This week on “You’re Asking Me?” we attempt to answer an age-old question.
What is the origin of the custom to eat Seudah Shlishis in shul?
That’s a great question. It’s definitely not because it’s unimportant. In fact, Seudah Shlishis (pronounced “Shalashudiss”), is just as important as the other two meals – maybe more so. Case in point, it’s pronounced “Shalashudiss” (“3 meals”) even though you barely eat enough for one. If your wife made a supper like this on a regular night, you’d probably say, “Nah, I’ll see if they have anything to eat in shul.”
And if someone invited you for Seudah Shlishis and you didn’t know what it was, you’d be pretty insulted when you got there – cold gefilte fish from last night, egg salad from this morning, and a half a jar of herring. It’s like the guy said, “You want to come help me clean out my fridge?” In fact, this might be why the rabbis called it “shalosh seudos” and said that eating it is equivalent to eating the other two meals combined – because it’s actually made up of the other two meals combined. And if you can muscle through it, you show Hashem that you’re really just eating for the mitzvah.
But then why don’t we eat it at home? There are several possible reasons:
1. There’s no time to get home, eat, and then get back again. And you’re not going to run all the way home for tuna.
2. Most people just pick at their Seudah Shlishis, especially in the winter. We just finished lunch. But our wives get offended if we do this at home, as they were slaving away in the kitchen all week. But when you pick at your food in shul, no one’s offended. They just put it back in the fridge and it comes out again the next week. This is why sponsoring Seudah Shlishis is not that expensive. Basically, we eat in shul to hide the fact that we’re not eating. We basically just sit there and sing songs to pass the time until Maariv.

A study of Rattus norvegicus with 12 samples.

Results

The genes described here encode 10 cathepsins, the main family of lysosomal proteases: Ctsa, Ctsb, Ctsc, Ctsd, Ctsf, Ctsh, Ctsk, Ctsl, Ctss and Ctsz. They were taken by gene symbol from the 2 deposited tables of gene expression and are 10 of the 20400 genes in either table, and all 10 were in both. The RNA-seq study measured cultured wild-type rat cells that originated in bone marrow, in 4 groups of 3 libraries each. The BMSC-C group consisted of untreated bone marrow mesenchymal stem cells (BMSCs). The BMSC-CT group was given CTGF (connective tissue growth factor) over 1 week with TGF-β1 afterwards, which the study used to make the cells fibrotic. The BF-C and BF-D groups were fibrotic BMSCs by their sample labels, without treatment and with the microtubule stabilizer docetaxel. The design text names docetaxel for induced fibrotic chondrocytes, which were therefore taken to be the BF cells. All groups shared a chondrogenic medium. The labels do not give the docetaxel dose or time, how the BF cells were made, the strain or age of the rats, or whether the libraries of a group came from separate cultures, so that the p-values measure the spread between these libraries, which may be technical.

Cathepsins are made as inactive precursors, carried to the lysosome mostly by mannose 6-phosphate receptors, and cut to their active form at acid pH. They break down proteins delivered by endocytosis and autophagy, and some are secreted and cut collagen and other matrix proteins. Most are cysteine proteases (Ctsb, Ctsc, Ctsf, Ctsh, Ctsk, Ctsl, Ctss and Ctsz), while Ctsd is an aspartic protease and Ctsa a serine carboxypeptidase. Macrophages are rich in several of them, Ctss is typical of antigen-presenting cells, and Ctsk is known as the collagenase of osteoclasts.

3. Maybe guys actually want to eat all 3 meals in shul, but you know what your wife will do to you if you told her you were going out for lunch? You sort of do, if you’ve ever eaten too much at a kiddush and then came home and attempted to fake your way through lunch. So one out of the 3 is a compromise.
Are there any Jewish record holders?
Not in sports. The Jewish records are where you’d expect them to be: in food. For example, Empire Kosher recently unveiled the world’s largest chicken nugget at Kosherfest – the world’s biggest kosher industry trade show (another food record), where people go to unveil new products, mostly in the form of small samples, and attendees go from booth to booth, sampling products. It’s like the world’s biggest kiddush, except that you don’t have to come home and fake your way through lunch afterward.
And it’s not just food products. Put the word “kosher” in front of anything, and they’ll let you into Kosherfest. For example, one booth had a product called “kosher diapers.” This is a real thing.
But what kind of hashgacha do they have? Do I need separate diapers for meat and dairy?
So I looked at the packaging, and it turns out that they’re made to be used on Shabbos, because a lot of people don’t want to use diapers that have tape. So instead this one has Velcro, and you don’t have to worry about ripping off the tape on Shabbos. You know, because the diaper is going to fall off by itself. Maybe we should give the baby a belt to wear over it, just in case. Or suspenders. But I guess Velcro is a great alternative to what people have been doing, which is leaving the diaper on all day and ruining everyone’s oneg Shabbos. This is why men started eating Seudah Shlishis in shul.